Temperature and time cause bacteria to grow which is why it is so important your refrigerator be cold enough and you not keep leftovers too long
Washington, DC (Vocus) February 10, 2009
The Partnership for Food Safety Education reminds consumers of helpful food safety tips during a time of tight household budgets.
In this time of economic uncertainty, Americans are economizing and stretching every dollar. For many consumers this includes cooking and eating more meals at home and saving leftovers. The Food Marketing Institute (FMI) U.S. Grocery Shopper Trends 2008 report states that 71% of consumers surveyed cook more and eat out less. FMI Trends also showed that 58% report eating more leftovers or using leftovers to make other meals.
As consumers economize by preparing more meals at home, it is essential they follow safe food handling practices. This includes eating, freezing or discarding refrigerated leftover food within 3 to 4 days.
"Temperature and time cause bacteria to grow which is why it is so important your refrigerator be cold enough and you not keep leftovers too long," said Shelley Feist, Executive Director of the Partnership for Food Safety Education. "There is a limit to how long food can be safely kept."
The Partnership reminds consumers of food safety practices that should consistently be followed when storing and heating leftovers.
- Always wash hands with warm water and soap for 20 seconds before and after handling food.
- Temperatures between 40° F and 140° F allow bacteria to grow rapidly. Refrigerate cooked leftovers promptly - within 2 hours; 1 hour when the temperatures are over 90° F. Use an appliance thermometer to ensure that your refrigerator is always 40° F or below.
- Divide leftovers into smaller portions and store in shallow containers in the refrigerator. Hot food can be placed directly in the refrigerator.
- Leftovers should be reheated to an internal temperature of at least 165° F. Use a food thermometer to check the internal temperature. Sauces, soups, and gravies should be reheated by bringing them to a boil.
- When microwaving leftovers, make sure there are no cold spots in food (where bacteria can survive). Cover food, stir and rotate for even cooking. If there is no turntable, rotate the dish by hand once or twice during cooking. Reheat to 165° F as measured with a food thermometer.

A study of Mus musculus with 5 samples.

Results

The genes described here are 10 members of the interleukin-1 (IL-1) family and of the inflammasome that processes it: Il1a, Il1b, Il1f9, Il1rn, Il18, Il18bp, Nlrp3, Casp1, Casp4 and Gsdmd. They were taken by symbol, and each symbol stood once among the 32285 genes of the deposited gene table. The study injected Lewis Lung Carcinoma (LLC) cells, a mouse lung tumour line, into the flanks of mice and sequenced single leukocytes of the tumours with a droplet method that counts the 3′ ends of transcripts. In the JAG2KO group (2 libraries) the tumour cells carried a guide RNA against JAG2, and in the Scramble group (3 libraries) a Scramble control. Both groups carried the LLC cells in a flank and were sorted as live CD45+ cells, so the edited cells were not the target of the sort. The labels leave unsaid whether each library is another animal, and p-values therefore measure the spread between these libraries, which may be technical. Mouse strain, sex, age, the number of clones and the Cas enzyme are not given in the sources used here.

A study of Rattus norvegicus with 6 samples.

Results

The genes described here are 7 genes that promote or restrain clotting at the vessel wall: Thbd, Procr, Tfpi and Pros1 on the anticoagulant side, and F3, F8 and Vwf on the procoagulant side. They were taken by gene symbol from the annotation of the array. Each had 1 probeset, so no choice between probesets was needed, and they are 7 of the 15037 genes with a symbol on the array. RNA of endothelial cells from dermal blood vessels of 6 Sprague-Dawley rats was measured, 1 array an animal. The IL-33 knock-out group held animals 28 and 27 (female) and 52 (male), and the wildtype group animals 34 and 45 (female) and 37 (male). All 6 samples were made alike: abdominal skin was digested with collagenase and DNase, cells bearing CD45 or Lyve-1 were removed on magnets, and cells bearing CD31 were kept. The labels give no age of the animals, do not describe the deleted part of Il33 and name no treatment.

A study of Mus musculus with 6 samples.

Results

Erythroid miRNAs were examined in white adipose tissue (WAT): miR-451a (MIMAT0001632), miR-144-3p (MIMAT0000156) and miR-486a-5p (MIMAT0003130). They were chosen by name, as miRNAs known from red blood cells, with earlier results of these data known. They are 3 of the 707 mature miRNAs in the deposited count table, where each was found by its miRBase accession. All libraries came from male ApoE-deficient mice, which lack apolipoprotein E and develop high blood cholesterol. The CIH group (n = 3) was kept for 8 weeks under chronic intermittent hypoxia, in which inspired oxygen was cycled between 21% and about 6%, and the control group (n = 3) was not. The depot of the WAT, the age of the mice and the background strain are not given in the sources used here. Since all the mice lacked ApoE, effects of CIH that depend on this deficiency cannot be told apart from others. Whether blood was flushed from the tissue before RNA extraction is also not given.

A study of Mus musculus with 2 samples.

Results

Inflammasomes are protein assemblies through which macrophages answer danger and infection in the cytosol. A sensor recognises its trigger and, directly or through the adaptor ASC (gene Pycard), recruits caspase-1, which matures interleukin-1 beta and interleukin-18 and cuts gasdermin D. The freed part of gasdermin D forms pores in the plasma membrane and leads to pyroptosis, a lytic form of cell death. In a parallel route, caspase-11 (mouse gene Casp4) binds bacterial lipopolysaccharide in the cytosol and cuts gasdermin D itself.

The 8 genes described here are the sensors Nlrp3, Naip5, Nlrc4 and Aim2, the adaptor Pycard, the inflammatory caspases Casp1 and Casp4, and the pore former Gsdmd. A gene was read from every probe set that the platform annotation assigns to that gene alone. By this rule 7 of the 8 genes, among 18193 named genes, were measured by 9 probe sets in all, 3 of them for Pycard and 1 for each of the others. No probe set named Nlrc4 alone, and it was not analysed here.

Buying food in bulk can be a money-saver. Remember, whatever the quantity of food - safe handling is a must! Large packages of perishables like raw ground meat and poultry products can be refrigerated for 1-2 days, but then the food should be cooked or put in the freezer. Meat and poultry will stay safe indefinitely in the freezer. However, from a quality standpoint, it is recommended that frozen meat and poultry be consumed within 3 to 12 months.
Following the Be Food Safe practices of Clean, Separate, Cook and Chill will help prevent foodborne illness and keep consumers healthy as they stick to their budgets! Consumers can download a flyer containing additional information about leftovers at http://www.befoodsafe.org/consumer_brochure.
The Be Food Safe campaign, introduced by the US Department of Agriculture and the Partnership for Food Safety Education, is aimed at reducing foodborne illness by making sure consumers get the information they need to achieve and maintain safe food handling behaviors.
Be Food Safe retailers represent nearly 8,000 stores reaching millions of consumers with consistent reminders about how to safely handle food to reduce risk of illness. These food retailers bring Be Food Safe messages to their customers through in-store signage, brochures, flyers, packaging and circular ads, in-store events and other special promotions. Consumers can download and print their own Be Food Safe basic brochure for home use from the website at http://www.befoodsafe.org.
About the Partnership for Food Safety Education
The Partnership for Food Safety Education unites industry associations, professional societies in food science, nutrition and health, consumer groups and the United States Department of Agriculture, the Environmental Protection Agency and from the Department of Health and Human Services, the Centers for Disease Control and Prevention and the Food and Drug Administration, to educate the public about safe food handling and preparation. The Partnership, a non-profit organization, is the creator and steward of the Fight BAC!® campaign, a food safety education program developed using scientifically based recommendations and resulting from an extensive consumer research process. Fight BAC!® materials are fully accessible online at http://www.fightbac.org and utilized by consumers, teachers, dietitians, public health officials and extension agents across the United States.